Heroin Deaths Have Topped Gun Homicides

If we can leave our friends with any bit of knowledge before the year’s up, it’s this: Don’t Be Afraid To Get Help.

 

Too many times people think they have control of their habit and, as some troubling new stats have now revealed, that really isn’t the case. According to The Huffington Post, heroin deaths have now surpassed gun homicides in the U.S.

 

Let’s all reflect upon that for a moment. Think about all of the times you hear about gun violence in the news, now increase that number substantially and you’ll be “close” to America’s fatal overdose statistic.

 

To put things in perspective, opioid related deaths have quadrupled since 1999. As of last year, they have hit 33,091 annually. Heroin OD’s, in particularly, are rising 23 percent year over year and synthetic opioid deaths increased by 73 percent to 9,580. This is all per The U.S. Centers for Disease Control and Prevention, who released their findings this week.

 

As we look back on 2016, we honestly believe that the opioid epidemic should have been highlighted as one of the year’s most important stories. Sure we had a presidential election, but in our opinion, THIS IS THE HEADLINE that deserved the most attention. As it stands, more than 20 million Americans suffer from addiction, with 12.5 million battling painkiller dependencies.

 

Another research team from the Washington Post-Kaiser Family Foundation has reported that a third of Americans who took a prescription opioid for two months or longer have become physically addicted. Add to that, several prominent 2016 statements from our Surgeon General, Vivek Murthy, and you’ll understand what a crisis this has become.

 

Throughout the year, we have applauded Dr. Murthy for helping to de-stigmatize addiction; alerting the press and high-level officials to categorize it as a disease and NOT a character flaw.

 

“For far too long people have thought about addiction as a moral failing,” Murthy explained to HuffPo. “Addiction is a chronic disease of the brain and it’s one that we have to treat the way we would any other chronic illness: with skill, with compassion and with urgency.”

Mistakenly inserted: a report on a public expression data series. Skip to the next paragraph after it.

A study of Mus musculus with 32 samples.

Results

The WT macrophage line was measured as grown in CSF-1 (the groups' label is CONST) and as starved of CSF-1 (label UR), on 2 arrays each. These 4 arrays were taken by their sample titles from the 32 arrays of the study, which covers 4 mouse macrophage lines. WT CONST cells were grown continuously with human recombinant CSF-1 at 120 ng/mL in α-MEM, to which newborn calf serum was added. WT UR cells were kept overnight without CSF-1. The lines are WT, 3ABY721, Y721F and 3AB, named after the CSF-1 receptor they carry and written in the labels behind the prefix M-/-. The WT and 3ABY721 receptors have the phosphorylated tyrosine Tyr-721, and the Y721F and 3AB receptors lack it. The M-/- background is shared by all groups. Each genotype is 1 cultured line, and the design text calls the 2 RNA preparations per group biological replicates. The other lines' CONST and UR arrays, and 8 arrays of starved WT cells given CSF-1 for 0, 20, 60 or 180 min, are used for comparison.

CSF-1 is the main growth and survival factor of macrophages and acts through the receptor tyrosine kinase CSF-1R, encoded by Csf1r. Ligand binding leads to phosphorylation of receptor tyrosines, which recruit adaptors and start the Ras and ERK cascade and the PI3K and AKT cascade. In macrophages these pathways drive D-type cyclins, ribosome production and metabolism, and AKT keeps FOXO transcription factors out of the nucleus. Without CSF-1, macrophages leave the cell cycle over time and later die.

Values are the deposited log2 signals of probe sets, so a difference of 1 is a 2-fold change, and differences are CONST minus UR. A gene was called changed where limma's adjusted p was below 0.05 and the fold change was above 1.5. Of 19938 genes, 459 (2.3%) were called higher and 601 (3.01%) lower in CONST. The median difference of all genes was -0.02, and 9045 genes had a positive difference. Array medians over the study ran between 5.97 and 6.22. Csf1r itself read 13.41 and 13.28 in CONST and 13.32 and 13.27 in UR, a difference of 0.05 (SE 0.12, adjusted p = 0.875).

So where does that leave us today? Well, we do find it encouraging that certain prominent figureheads are speaking out. But the sad fact is that the deaths are still increasing and not enough people are seeking out help. As we mentioned above, the biggest takeaway we hope people can lift from our blogs is about the recovery support systems.

 

Whether you are struggling with an addiction yourself or are the loved one of a person in need, there is no reason to feel shame or guilt anymore. In 2017 and beyond, we want our audience to know that addiction is a disease and, many times, out of a person’s control. And just like any disease, it can be treated and people who are currently suffering can go on to live healthy and happy lives.

 

The most important thing to do is reach out. Valley Recovery Center is available around-the-clock for anyone who has been impacted by addiction. We do not want to see this terrible statistic increase. If you or someone you are close to has a problem, call us today at (866) 986-2486.